She shed tears throughout much of her three-hour movie. And when she arrived on stage with her co-star Léa Seydoux, the two actresses cried some more. Adèle Exarchopoulos, the 19-year-old heroine of Abdellatif Kechiche’s sexually graphic, potently naturalistic lesbian drama La Vie d’Adèle (known in English as Blue Is the Warmest Color), was named one of the three winners of the Palme d’Or, the highest prize at the 66th Cannes Film Festival. Steven Spielberg, president of this year’s jury, announced that he and his colleagues had taken the unusual decision to honor “three artists: Adèle, Léa and Abdellatif.”
Not that unusual. When Michael Haneke’s Amour took the Palme last year, the jury president, Nanni Moretti, also cited the film’s two leading actors, Jean-Louis Trintignant and Emmanuelle Riva, as co-winners. This marked the first time in Cannes awards history that French-language films had received the top prize in two consecutive years. It also proved that, even in the rarified Elysium of minimalist films, all the art world loves a love story, whether of the octogenarians comforting each other in Amour or the schoolgirls contorted in scenes of smoldering passion in Adèle.
(READ: Mary and Richard Corliss’s review of Blue Is the Warmest Color)
Spielberg made just that point at a press conference after the ceremony. He called Adèle “a great love story that made all of us feel privileged to be a fly on the wall, to see this story of deep love and deep heartbreak evolve from the beginning.” The director didn’t put any constraints on the narrative. He let the scenes play in real life, and we were absolutely spellbound.” Sundance Selects has acquired the U.S. rights to Adèle. As the jury president said of the film’s chances with American audiences and censors: “I’m not sure it will be allowed to play in every state.”
Prix du Jury: Like Father, Like Son, Hirokazu Koreeda, Japan
Prix de la Mise en Scène (Best Director): Amat Escalante, Heli, Mexico
Prix du Scénario (Best Screenplay): Jia Zhangke, A Touch of Sin, China
Prix d’interprétation masculine (Best Actor): Bruce Dern, Nebraska, U.S.
Prix d’interprétation feminine (Best Actress): Bérénice Bejo, The Past, France
In a Riviera fortnight whose wet skies and chilly temperatures cast a cloud over the usually festive proceedings, the jury spread its sunshine by blessing films from three continents and five countries. The top awards contained few surprises: the Coens’ Inside Llewyn Davis (Spielberg pronounced it “Llewelyn”), Jia’s A Touch of Sin and Koreeda’s Like Father, Like Son had all been short-listed by knowledgeable Cannes touts, including us. A few critics had predicted (or rooted for) The Great Beauty, Paolo Sorrentino’s satirical elegy to Rome nightlife, which got nothing. The Great Beauty’s consolation prize might have gone to Sorrentino’s star, Toni Servillo, who also had the leading role in his director’s Il Divo. Instead, the jury chose Bruce Dern, the addled father in Alexander Payne’s Nebraska.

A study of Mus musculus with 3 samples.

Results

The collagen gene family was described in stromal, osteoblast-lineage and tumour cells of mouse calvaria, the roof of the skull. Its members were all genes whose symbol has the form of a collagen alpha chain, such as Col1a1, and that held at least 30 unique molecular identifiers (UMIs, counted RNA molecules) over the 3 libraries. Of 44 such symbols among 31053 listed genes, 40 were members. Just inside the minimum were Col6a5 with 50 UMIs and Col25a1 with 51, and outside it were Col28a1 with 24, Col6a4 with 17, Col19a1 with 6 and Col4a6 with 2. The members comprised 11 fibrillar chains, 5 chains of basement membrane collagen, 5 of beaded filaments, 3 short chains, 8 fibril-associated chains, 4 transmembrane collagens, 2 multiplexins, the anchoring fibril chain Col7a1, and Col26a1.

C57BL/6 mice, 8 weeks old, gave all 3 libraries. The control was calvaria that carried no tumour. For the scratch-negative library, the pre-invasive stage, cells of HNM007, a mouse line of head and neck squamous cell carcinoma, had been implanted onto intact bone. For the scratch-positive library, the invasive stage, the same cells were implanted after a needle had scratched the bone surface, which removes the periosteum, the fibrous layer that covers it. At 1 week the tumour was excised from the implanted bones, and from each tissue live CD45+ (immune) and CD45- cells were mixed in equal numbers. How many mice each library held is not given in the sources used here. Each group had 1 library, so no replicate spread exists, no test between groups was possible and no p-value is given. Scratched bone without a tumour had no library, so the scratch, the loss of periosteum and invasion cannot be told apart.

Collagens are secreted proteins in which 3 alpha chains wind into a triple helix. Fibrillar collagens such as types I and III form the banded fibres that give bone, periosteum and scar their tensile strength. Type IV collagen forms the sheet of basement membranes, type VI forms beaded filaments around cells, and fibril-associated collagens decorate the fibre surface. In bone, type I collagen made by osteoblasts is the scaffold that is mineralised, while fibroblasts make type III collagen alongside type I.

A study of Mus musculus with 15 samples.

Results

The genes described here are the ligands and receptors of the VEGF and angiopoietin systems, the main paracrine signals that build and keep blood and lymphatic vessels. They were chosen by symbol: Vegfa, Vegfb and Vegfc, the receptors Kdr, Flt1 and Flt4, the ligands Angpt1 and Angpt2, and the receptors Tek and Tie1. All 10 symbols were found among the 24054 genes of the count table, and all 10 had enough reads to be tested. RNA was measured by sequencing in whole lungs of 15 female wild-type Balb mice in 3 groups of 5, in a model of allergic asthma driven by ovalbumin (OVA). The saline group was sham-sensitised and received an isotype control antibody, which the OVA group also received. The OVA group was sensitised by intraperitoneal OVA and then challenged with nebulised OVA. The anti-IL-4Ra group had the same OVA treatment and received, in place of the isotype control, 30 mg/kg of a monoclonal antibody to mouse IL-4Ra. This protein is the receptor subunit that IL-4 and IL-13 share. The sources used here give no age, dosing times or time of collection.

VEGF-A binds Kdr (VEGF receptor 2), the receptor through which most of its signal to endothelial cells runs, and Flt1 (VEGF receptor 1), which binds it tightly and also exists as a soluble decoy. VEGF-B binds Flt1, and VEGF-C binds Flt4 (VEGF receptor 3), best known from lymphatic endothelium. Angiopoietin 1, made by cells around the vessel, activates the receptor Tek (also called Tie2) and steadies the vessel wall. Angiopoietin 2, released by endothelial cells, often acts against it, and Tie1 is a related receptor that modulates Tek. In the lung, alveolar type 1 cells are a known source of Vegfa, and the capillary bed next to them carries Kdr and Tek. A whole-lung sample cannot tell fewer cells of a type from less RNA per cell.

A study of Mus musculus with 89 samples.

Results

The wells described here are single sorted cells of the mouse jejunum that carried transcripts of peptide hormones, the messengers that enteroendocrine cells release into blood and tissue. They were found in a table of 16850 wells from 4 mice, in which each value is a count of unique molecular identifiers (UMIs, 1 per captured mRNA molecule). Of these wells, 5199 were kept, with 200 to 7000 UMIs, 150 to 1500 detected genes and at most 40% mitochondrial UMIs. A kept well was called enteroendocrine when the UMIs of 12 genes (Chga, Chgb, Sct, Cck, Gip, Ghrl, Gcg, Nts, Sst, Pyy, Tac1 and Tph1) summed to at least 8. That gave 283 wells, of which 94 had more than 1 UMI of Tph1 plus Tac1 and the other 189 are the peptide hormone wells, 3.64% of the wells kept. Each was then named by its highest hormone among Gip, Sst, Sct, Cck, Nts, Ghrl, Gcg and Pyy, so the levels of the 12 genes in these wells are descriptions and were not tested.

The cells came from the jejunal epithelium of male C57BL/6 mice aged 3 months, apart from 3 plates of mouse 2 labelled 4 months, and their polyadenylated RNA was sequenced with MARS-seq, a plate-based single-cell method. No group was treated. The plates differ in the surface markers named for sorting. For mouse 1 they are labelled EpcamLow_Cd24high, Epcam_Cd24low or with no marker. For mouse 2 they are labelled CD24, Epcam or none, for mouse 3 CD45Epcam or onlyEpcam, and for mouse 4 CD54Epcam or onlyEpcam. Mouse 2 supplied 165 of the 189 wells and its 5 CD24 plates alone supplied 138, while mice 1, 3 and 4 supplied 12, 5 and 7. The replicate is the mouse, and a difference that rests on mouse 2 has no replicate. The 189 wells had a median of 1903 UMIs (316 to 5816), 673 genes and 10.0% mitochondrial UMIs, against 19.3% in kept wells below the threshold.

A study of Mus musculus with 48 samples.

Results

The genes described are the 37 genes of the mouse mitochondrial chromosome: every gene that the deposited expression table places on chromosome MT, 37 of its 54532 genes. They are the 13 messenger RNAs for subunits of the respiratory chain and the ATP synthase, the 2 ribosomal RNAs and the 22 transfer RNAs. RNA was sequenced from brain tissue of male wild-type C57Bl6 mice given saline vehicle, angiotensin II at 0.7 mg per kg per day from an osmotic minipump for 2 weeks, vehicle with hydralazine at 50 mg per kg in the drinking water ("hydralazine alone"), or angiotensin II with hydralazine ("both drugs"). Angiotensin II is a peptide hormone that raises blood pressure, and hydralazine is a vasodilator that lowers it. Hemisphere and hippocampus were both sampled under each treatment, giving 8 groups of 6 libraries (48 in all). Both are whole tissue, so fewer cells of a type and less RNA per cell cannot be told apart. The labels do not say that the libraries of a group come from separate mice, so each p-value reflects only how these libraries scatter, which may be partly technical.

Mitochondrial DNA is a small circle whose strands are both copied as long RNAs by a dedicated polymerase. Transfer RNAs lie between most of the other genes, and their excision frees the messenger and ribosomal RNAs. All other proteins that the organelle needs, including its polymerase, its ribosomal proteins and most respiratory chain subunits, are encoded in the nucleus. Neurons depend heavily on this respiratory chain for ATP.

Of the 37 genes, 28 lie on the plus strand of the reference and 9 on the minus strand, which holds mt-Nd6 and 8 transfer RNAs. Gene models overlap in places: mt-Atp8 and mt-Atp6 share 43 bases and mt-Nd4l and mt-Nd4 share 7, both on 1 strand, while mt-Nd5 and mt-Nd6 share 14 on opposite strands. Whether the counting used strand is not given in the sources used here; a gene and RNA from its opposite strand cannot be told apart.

(READ: Richard Corliss’s review of Nebraska)
Bejo, who charmed world audiences as the heroine of last year’s Oscar winner The Artist, was named Best Actress for her role as the harried mother in Asghar Farhadi’s The Past — though the award seemed undercut by the Palme d’Or recognition of Exarchopoulos and Seydoux. In another eyebrow-raiser, the Prix de la Mise en Scène went to Escalante for Heli, a remorselessly violent Mexican drug drama that stuck in most viewers’ minds only because it contained a vivid scene of cartel punks setting a man’s penis on fire. Spielberg appeared to offer his personal valediction to Heli when he proclaimed, “The best director is … Amat Escalante.” On stage, the “best director” said, “Thank you to this brave jury. To Mexico: I hope we never get used to suffering.” To audiences: We hope you never have to suffer through Heli.
(READ: Richard Corliss’s review of The Past)
So Escalante went home happy, and Exarchopoulos happy crying. Other big-name contenders had to nurse their disappointment: Jim Jarmusch for Only Lovers Left Alive (another convention-defying love story), James Gray for The Immigrant (with an award-worthy turn by Marion Cotillard) and Steven Soderbergh for Behind the Candelabra (Michael Douglas is a sugary triumph as Liberace).
And the Corlisses? We’re always pleased just to be here, and never more so than in this, our 40th year. We hope that Cannes 2014, if we’re spared, will have sunny skies, warm weather and some films worth writing home about. See you then. Or as we say each year, “À l’année prochaine!”